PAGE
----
If you have the chops, your open source software project should lead and inform your commercial product. Red Hat and Ubuntu have done this brilliantly. Fedora precedes RHEL. Feisty goes before supported Gutsy. Both companies have rabid communities who gobble new code and contribute back fixes and improvements. The developer communities are happy to get cool new stuff. The commercial guys get better fit and finish. The early users are often the production guys as well, so they value early experience and use it to influence the production code. It's a quality loop and better for everybody.
Success with this strategy is twofold. First, you need rank technical competence. The user community wants a deep conversation with you about your project. If you can't meet them as equals you won't get the product right. A working open source community is manna from heaven for a software company, but it has to be a conversation between technical peers.
Second, you need the community involved in the project from inception and they need to influence the project. Unilateral releases create adversarial relationships. Having users on the development team is one of the pillars of open source. When you engage early, you get "how can we get this cool thing to work" instead of a face-off. That's a great place to be.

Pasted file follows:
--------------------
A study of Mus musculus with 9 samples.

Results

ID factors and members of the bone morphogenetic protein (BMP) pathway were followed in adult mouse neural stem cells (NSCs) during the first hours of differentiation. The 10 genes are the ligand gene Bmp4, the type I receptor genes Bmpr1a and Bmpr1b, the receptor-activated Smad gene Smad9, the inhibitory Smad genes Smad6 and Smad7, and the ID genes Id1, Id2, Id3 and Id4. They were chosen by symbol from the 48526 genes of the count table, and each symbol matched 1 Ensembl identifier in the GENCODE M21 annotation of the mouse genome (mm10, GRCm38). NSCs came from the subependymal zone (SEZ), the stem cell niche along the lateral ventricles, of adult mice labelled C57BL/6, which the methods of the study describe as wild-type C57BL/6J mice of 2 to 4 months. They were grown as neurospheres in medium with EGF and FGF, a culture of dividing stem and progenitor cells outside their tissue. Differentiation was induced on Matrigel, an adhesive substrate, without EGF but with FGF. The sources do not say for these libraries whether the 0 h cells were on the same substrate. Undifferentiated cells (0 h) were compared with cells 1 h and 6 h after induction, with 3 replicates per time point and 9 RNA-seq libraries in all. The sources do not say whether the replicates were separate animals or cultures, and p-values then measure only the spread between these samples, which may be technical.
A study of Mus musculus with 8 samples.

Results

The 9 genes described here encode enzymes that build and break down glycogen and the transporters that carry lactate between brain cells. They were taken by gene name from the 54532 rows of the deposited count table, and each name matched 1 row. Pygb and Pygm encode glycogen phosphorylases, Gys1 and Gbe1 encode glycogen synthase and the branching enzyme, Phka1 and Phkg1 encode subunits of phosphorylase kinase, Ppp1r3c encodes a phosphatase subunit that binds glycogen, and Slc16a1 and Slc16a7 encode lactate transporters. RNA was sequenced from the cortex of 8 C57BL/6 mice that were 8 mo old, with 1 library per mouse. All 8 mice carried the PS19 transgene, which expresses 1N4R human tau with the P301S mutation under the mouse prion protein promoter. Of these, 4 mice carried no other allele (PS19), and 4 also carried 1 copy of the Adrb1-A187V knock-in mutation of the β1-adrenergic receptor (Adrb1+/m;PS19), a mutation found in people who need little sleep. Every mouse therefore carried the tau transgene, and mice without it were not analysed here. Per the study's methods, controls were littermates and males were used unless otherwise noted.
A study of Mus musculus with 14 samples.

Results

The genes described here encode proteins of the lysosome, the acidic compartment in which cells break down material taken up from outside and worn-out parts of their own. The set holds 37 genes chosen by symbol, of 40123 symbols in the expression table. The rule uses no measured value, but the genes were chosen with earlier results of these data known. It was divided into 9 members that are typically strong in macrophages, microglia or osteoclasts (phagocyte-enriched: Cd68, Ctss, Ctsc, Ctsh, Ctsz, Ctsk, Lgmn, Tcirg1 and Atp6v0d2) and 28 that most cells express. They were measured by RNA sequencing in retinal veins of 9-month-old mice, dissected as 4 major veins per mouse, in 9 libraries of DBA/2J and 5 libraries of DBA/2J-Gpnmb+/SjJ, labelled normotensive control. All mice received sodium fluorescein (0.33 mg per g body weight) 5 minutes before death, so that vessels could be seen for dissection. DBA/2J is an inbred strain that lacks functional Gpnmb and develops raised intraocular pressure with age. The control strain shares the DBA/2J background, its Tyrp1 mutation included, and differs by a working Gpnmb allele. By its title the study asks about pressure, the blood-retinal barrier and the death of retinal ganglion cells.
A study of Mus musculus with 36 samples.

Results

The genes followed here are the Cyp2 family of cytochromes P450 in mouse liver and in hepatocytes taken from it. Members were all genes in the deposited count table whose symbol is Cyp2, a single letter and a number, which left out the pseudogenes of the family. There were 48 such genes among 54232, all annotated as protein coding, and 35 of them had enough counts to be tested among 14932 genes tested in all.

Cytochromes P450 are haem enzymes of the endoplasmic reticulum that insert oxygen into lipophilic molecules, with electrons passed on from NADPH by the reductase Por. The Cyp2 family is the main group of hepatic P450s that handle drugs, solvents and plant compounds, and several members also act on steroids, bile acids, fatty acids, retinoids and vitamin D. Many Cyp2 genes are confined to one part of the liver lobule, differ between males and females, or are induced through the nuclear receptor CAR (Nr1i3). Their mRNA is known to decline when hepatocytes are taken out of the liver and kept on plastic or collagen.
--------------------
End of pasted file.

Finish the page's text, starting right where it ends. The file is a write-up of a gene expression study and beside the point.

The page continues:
As an aside, community involvement is one of the things GroundWork does particularly well. Look at GroundWork Connect, the new community support portal, announced just this week. The idea is that users provide feedback, the community pitches in, and there's plenty of discussion. It's in early stages still, but it's a good start.
It's EASY to make money with Open Source. You simply provide great technology, superior service, innovative documentation, good prices, honest sales and insanely great follow-up. The companies that get this are tomorrow's open source success stories. How many can you name?